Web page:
On Mar 11, 2010, at 6:27 PM, Larry Purss wrote:
> Martin, thank you for the chapters of your book to read. When I get back home I will download and read the articles.  The little I know about continental philosophy is that this tension between self and other and what is ontological has been an ongoing debate in those circles.  
> Martin, what are your thoughts on the current "dialogical" perspectives being generated that are taking a stand on  one side of the self/other debates?
> Andy and Martin, from your comments, the self/other debate and its historical construction does have a place as one current in our reflections on this listserv.
> Thanks for the CHAT

Vygotsky cites some fascinating research by Fajans, a student of Kurt Lewin. She studied infants' responses to a desirable object when an adult was, or was not, nearby. What she found was that the infant loses interest in an object they cannot reach, unless an adult moves close to that object. Then the infant becomes interested again, and with the object rather than with the adult. The perceived object, LSV proposes, changes its properties in the optical field depending on what kind of structure it is part of, a structure that includes other people. He writes that "the relation of the child to reality is from the very beginning a social relation. In this sense, the infant might be called a maximally social being." This seems to me a grand anticipation of the current research on infant sociality and collaboration, and in line with the suggestion that the self differentiates out of what Vygotsky called a 'great-we.'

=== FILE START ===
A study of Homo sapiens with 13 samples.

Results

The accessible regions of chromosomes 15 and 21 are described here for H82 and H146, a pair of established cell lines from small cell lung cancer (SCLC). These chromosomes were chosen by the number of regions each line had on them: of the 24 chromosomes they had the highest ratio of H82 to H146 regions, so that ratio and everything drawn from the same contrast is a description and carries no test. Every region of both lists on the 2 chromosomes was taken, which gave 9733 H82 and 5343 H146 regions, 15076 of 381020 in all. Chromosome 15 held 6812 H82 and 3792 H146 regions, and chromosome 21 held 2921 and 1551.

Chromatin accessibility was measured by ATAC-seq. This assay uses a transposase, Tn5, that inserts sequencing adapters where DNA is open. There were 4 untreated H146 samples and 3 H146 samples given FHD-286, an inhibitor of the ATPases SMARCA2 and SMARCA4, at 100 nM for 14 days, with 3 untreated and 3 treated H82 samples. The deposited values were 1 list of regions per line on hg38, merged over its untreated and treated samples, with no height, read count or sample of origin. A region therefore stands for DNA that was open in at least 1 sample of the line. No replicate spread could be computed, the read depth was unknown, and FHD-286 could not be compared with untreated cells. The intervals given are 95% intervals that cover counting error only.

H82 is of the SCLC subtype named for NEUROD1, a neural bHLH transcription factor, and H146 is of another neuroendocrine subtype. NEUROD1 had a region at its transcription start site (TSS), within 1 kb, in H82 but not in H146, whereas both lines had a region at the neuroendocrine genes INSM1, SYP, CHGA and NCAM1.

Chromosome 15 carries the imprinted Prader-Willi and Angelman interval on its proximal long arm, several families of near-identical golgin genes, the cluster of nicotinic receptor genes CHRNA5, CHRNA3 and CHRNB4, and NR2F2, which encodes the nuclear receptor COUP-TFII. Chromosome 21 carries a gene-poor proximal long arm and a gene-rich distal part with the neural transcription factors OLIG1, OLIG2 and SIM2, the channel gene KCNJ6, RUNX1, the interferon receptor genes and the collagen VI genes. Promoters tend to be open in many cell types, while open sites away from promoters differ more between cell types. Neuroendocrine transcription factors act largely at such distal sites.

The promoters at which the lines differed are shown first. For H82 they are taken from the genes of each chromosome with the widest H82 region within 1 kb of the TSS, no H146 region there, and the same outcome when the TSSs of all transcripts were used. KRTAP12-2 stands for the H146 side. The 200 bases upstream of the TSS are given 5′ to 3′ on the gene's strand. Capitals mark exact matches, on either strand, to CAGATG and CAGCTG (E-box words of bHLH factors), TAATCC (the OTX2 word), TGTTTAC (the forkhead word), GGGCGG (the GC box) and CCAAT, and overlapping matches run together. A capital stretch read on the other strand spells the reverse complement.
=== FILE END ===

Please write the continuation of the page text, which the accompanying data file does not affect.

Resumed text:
Yesterday I showed in class the famous videos from Köhler's work with chimpanzees. The one I find most interesting has one chimp stacking crates to reach the hanging banana while two others watch his progress. Each time he reaches for the fruit, the chimps who are watching raise their arms too! It looks very much to me like a sympathetic participation in the actions of another. The Theory of Mind research seems to me to place way too much emphasis on the notion that intentions are invisible and mental, and so need to be inferred. It posits the child beginning as an asocial individual who only gradually is able to understand that others also have intentions and beliefs. But as John Searle has been pointing out for years, there is an "intention-in-action," not only "prior intention." The conditions of satisfaction of an action are apparent to others who share the "background," and even a chimp shares enough with other chimps to understand their intentional actions. It seems that a human child's intentions are from a very early age mingled with the presence and the actions of others.